UTICA — New York Attorney General Eric Schneiderman today announced a settlement with Utica hospitals Faxton-St. Luke’s Healthcare and St. Elizabeth Medical Center, resolving concerns that the hospitals’ proposed affiliation would adversely affect competition in the health-care market in the Utica–Rome region.
The settlement allows the two “financially troubled” hospitals to combine their operations to reduce costs and enhance the quality and availability of key health-care services for patients in the greater Utica area, the attorney general’s office said in a news release.
“This settlement allows Utica’s two biggest hospitals to combine in order to survive in a challenging economic environment, while ensuring that the hospitals will fulfill their promise to use the partnership to improve patients’ access to quality health care and not to increase prices.” Schneiderman said in the news release.
The provisions ensure that the hospitals will use their combination for the benefit of patients and not as a platform for “exerting market power and imposing higher health-care costs on patients,” the office said.
The agreement also ensures continued patient access to “key” reproductive-health services.
The settlement allows the transaction to proceed but has various provisions to ensure that the hospitals will not “abuse” their new market position by “foreclosing” competing providers from the market or excessively increasing rates directly following the combination, the attorney general’s office said.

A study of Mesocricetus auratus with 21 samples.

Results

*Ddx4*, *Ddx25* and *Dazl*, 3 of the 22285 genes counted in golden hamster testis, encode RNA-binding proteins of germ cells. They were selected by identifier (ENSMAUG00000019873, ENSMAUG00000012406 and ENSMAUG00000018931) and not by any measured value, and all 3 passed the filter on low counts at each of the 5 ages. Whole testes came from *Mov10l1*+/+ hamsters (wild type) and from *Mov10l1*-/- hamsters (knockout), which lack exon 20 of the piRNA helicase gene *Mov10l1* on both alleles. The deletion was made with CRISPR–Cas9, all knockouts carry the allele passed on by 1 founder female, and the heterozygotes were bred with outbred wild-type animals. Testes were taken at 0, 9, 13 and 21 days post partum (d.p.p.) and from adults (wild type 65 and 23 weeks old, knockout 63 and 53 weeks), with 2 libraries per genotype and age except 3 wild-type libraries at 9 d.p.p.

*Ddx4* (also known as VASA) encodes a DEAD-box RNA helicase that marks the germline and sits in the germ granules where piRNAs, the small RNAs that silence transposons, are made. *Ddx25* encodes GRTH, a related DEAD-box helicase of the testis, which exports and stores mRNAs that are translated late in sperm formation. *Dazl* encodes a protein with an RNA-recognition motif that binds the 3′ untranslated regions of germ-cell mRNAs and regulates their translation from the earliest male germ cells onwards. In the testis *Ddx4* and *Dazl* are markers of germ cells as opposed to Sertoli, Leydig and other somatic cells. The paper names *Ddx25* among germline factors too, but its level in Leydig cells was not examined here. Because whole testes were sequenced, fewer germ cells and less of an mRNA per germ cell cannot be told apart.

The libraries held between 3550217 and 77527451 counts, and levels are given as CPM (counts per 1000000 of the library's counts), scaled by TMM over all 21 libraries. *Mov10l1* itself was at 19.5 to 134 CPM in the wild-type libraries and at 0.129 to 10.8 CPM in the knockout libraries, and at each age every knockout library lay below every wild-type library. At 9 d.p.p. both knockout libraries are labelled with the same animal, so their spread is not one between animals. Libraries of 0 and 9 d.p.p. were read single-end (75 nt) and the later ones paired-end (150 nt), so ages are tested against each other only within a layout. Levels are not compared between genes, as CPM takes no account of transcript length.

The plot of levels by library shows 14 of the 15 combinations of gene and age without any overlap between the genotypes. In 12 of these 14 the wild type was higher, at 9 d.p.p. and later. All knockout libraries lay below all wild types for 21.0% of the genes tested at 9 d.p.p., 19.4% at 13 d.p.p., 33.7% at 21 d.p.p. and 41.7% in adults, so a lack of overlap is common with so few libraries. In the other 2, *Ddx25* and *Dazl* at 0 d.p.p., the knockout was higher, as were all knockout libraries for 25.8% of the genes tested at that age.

In the settlement, the Utica hospitals agree not to require independent physicians to work exclusively at the hospitals, or to compel health plans to reimburse competing hospitals or health-care providers at the same or lower rates than the health plans reimburse the hospitals.
The Utica hospitals also commit to negotiate “in good faith” with rate payers, including commercial insurers and governmental managed-care insurers, Schneiderman’s office said.
If the insurers don’t believe that the hospitals are acting fairly, the settlement gives the payors the right to continue their currently-existing relationships with the hospitals for five years at current prices, subjected to annual increases not to exceed “historic” levels, the office said.
Additionally, the settlement allows the attorney general’s office to ensure that the hospitals have implemented their promised efficiencies prior to termination of the rate-protection provisions.
Faxton-St. Luke’s Healthcare and St. Elizabeth Medical Center operate in a “challenging economic environment” that includes an “unusually high refugee population and some of the neediest patients in the state,” Schneiderman’s office said.
The hospitals have suffered “significant” financial losses in recent years, and it is “highly questionable” that they can independently surmount these challenges without “negatively impacting” the availability of vital health-care services in the Mohawk Valley, the attorney general added.
The hospitals directly compete with one another, but also face competition from nearby community hospitals and hospitals in nearby cities such as Cooperstown, Syracuse, and Albany.
The scope of competition between the merging hospitals is “limited,” with each hospital providing services that the other does not. Most of each hospital’s patients are covered by Medicare or Medicaid, where rates are set by the federal government and not by competition between them, Schneiderman’s office said.